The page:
Remember that any number can be written as itself divided by 1. For example, 3 is the same as 3/1. Also remember that the top part of a fraction is called the numerator and the bottom part of a fraction is called the denominator.

Read MoreThe distributive property can be used even when there are two sets of parentheses with two terms each. It’s called binomial multiplication (remember that a bicycle has two wheels and a binomial has two terms).

Read MoreWhat you want to do is create a field of equally spaced coordinate points, and then evaluate the derivative at each of those coordinate points. Since the derivative is the same thing as the slope of the tangent line, finding the derivative at a particular point is like finding the slope of the tangent line there, which of course is an approximation of the slope of the actual function.

Read MoreIn the same way that we plot points in two-dimensional coordinate space by moving out along the x-axis to our x value, and then moving parallel to the y-axis until we find our point, in three-dimensional space we’ll move along the x-axis, then parallel to the y-axis, then parallel to the z-axis until we arrive at our coordinate point.

Read MoreEvaluating a definite integral means finding the area enclosed by the graph of the function and the x-axis, over the given interval [a,b].

Read MoreWhen we’re evaluating a limit, we’re looking at the function as it approaches a specific point.

Read MoreSimple interest is different than compounded, or compounding, interest.

Read MoreAny nonzero real number raised to the power of zero is one, this means anything that looks like a^ will always equal 1 if "a" is not equal to zero.

Read MoreIn this video we’re talking about jump discontinuities, or discontinuities of the first kind.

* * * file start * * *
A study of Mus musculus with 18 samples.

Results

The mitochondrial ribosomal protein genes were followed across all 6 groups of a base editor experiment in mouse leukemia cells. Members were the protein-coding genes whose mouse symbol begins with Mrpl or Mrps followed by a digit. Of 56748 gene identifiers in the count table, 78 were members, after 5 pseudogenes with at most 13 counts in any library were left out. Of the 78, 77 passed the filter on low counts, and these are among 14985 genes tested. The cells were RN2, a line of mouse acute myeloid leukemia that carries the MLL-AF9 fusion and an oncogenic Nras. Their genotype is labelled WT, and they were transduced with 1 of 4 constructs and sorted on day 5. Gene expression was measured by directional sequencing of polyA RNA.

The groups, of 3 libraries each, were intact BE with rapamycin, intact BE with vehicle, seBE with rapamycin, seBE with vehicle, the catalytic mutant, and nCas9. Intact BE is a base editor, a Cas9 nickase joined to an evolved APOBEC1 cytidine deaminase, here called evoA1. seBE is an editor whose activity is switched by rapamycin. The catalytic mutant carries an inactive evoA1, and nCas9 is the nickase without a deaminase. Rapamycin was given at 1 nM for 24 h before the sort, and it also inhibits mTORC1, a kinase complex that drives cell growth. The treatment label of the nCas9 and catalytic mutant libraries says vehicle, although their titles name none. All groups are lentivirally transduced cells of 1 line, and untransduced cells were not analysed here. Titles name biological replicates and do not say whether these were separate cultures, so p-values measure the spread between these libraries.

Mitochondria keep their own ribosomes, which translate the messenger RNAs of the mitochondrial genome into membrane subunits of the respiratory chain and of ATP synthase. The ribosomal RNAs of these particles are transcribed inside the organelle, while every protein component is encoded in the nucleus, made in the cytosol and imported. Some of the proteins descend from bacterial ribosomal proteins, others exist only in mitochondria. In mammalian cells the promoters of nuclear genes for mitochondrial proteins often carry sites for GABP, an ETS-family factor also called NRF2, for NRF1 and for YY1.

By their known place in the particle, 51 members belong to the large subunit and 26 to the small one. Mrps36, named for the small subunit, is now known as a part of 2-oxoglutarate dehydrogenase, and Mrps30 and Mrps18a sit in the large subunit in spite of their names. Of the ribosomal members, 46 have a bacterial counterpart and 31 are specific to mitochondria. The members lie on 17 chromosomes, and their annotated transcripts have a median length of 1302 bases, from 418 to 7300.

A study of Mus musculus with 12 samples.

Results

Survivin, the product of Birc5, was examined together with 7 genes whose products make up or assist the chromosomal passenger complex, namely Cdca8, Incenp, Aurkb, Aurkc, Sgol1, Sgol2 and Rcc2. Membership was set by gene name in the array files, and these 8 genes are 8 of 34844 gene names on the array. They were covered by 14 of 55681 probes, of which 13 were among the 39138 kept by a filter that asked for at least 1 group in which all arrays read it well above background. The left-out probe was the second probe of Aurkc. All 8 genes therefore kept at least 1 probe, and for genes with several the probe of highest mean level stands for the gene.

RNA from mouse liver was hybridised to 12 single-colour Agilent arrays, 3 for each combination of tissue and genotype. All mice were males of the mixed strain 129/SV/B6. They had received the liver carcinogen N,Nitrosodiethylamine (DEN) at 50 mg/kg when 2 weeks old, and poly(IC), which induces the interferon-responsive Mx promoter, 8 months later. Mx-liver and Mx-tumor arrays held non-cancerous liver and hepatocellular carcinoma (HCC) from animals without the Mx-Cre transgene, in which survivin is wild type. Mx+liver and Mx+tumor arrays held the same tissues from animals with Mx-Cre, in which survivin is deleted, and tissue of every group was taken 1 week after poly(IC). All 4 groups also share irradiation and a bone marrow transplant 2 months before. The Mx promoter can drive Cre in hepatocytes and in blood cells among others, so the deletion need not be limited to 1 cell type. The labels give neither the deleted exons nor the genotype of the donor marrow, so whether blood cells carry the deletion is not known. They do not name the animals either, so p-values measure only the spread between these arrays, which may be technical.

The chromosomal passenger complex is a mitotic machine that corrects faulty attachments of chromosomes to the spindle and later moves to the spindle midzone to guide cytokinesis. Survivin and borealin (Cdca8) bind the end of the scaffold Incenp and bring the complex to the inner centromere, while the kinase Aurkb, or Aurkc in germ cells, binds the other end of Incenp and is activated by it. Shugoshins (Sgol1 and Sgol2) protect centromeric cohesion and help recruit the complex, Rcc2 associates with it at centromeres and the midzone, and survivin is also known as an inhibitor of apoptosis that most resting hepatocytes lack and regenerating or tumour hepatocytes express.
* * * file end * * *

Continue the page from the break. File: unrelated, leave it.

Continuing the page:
Read MoreCommutative comes from the word “commute” as in “the morning commute.” Since commute means to move you can remember that, when using the commutative property, the numbers will move around.

Read MoreWhen you have multiple functions, you can use some simple rules to find their sum, difference, product, or quotient.

Read MoreKeep in mind that present value is the opposite of future value. Future value is how much we need to have at some point in the future; present value is how much we need to have right now.

Read MoreWhenever you're dealing with a multivariable function, the graph of that function will be a three-dimensional figure in space.

Read MoreWhen you hear your professor talking about limits, he or she is usually talking about the general limit.

Read MoreRemember that composite functions are “functions of functions”, which means that we have one function plugged into another function. As an example, sin(x^2) is a composite function because we’ve plugged the function x^2 into the function sin(x). Think of any function that as an “outer part” and an “inner part” as composite functions.

Read MoreRemember that the phrase “rationalize the denominator” just means “get the square root(s) out of the denominator”.

Read MoreIt can be difficult to visualize what a triple integral represents, which is why in this video we’ll be answering the question, “What am I finding when I evaluate a triple integral?”

Read MoreRemember that midpoint rule, trapezoidal rule, and Simpson’s rule are all different ways to come up with an approximation for area under the curve.

Read MoreTrig identities are pretty tough for most people, because 1) there are so many of them, and 2) they’re hard to remember, and 3) it’s tough to recognize when you’re supposed to use them!

Read MoreTrig identities are pretty tough for most people, because 1) there are so many of them, and 2) they’re hard to remember, and 3) it’s tough to recognize when you’re supposed to use them!